PCM events

PCM events are sent when changes occur to a subchannel.

There many situations where it's useful to notifiy an application when an event occurs to the subchannel so that the application can take appropriate actions. For example, an application may maintain its own states and needs to update its application-specific states.

PCM events are generated when changes occur to the subchannel. This can be a state change or when the subchannel has been muted by the system. It's important to note that PCM events aren't generated when API calls are made, such as a call to snd_pcm_*_pause() won't generate an event. As an example, events are when audio management moves a subchannel from the RUNNING state to the SUSPENDED state.

By default, applications won't get receive events unless they call the snd_pcm_set_filter() to register to receive them. To register for events, a bitmask must be applied to the enable member in the snd_pcm_filter_t argument to the snd_pcm_set_filter()snd_pcm_set_filter() as shown here:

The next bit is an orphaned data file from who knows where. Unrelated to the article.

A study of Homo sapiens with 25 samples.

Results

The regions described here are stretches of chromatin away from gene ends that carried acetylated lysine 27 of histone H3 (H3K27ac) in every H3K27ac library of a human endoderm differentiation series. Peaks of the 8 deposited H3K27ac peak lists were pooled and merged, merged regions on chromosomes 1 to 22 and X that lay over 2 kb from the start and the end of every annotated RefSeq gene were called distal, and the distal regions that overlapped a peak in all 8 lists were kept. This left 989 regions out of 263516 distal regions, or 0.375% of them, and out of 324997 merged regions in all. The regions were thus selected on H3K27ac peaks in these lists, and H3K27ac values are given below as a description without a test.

/* Enable PCM events */
snd_pcm_filter_t pevent;
pevent.enable = ( (1<<SND_PCM_EVENT_AUDIOMGMT_STATUS) |
                  (1<<SND_PCM_EVENT_AUDIOMGMT_MUTE) |
                  (1<<SND_PCM_EVENT_OUTPUTCLASS) );
snd_pcm_set_filter(pcm_handle, SND_PCM_CHANNEL_PLAYBACK, &pevent);

You can use the snd_pcm_get_filter() to see which events you registered for.

To work with the PCM events, call snd_pcm_channel_read_event(). That call is a non-blocking call where you can then use select() (with exceptfds) or call poll() (with POLLRDBAND) to retrieve the PCM events from your queue. For information about those functions, see the QNX Neutrino Utilities guide in the SDP 7.0 documentation.

When you retrieve an event, use the snd_pcm_evnt_t structure, to determine the event type you received. You can use the data member (a union) to get event data. These are the available event types:

This event type indicates that an audio management related state change occurred. The data member of the event contains the previous state (old_status) and new state (new_status). Here are valid state changes that cause an event to be generated:
Mute events occur for audio types that have their volume ducked to zero due to audio management policies being applied on the system. Though the volume is zero, it's still in the RUNNING state. If preemption is configured, being ducked to zero won't generate this event, instead an SND_PCM_EVENT_AUDIOMGMT_STATUS event is generated.